Bill & Melinda Gates Foundation Awards Grant to
Carnegie Mellon Scientist for Innovative HIV Research
PITTSBURGH—Judith Klein-Seetharaman, a research scientist in Carnegie Mellon University's Language Technologies Institute, has received a $100,000 grant from the Bill & Melinda Gates Foundation to use computational tools in the search for new anti-HIV therapies.
Klein-Seetharaman's project is one of 104 grants announced by the Gates Foundation for the first funding round of Grand Challenges Explorations, an initiative to help scientists around the world explore bold, new solutions for health challenges in developing countries. Grants were provided to scientists in 22 countries on five continents.
Klein-Seetharaman studies computational biolinguistics, which uses the statistical methods originally developed for deciphering human languages as a means of understanding molecular languages, such as the sequence of amino acids that make up proteins. In this new project, she will analyze the sequences of biochemical reactions inside cells that are known as signal transduction pathways. HIV is able to replicate itself inside cells by intercepting normal signal transduction pathways at one or more steps in the sequence. She predicts that cells have parallel pathways for sending signals and that if one pathway is disrupted by HIV it may be possible to restore proper cell signaling by altering the activity of its parallel pathway.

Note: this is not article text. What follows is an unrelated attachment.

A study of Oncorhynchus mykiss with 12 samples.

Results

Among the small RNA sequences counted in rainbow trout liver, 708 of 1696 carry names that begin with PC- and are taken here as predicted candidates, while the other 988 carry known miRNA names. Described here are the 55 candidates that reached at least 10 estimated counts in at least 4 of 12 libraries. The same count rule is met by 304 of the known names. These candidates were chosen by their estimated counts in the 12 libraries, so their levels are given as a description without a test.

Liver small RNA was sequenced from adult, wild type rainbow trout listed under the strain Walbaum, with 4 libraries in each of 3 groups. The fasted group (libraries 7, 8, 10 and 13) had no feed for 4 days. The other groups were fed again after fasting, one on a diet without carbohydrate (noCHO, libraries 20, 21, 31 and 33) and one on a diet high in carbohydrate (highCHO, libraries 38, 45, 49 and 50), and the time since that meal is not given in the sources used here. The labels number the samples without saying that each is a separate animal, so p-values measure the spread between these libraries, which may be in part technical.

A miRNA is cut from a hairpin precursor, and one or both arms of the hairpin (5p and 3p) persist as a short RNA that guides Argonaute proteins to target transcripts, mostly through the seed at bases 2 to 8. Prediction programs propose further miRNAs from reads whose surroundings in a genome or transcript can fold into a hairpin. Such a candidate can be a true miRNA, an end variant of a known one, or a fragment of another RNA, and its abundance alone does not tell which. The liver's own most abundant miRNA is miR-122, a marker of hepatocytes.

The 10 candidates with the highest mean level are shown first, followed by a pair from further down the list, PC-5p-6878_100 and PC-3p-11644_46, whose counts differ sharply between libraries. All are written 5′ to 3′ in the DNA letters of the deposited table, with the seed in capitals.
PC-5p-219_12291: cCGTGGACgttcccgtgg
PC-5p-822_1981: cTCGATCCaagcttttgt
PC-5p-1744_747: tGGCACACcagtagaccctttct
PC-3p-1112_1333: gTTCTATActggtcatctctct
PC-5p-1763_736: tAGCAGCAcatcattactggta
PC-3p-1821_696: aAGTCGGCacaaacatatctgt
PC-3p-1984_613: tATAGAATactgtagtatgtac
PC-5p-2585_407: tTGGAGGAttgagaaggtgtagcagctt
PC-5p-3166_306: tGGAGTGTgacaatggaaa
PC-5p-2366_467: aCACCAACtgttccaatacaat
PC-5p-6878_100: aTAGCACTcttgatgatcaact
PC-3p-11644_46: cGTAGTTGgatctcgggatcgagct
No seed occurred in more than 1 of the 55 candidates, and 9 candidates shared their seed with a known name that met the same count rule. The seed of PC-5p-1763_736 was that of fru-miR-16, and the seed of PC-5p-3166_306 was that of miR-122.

"Knowing this information should enable biomedical scientists to design very specific, potentially more effective anti-HIV therapies," she said.
Klein-Seetharaman currently is teaching at Royal Holloway, University of London, where she is a neuroscience professor and head of the Centre for Biological Sciences. The research funded by the Gates Foundation grant will be performed at Carnegie Mellon.
"I congratulate each individual who took the initiative to share their idea with us to help fight the world's most serious diseases," said Dr. Tachi Yamada, president of the Gates Foundation's Global Health Program. "The number of creative approaches we received exceeded our highest aspirations. Projects from this initial pool of grants have the potential to transform health in developing countries, and I will be rooting for their success."
Klein-Seetharaman has been affiliated since 2001 with Carnegie Mellon's School of Computer Science, where she has been the founding co-director of the National Science Foundation-sponsored Center for Biological Language Modeling. She also has had previous appointments at the University of Pittsburgh School of Medicine.
Pictured above is Judith Klein-Seetharaman.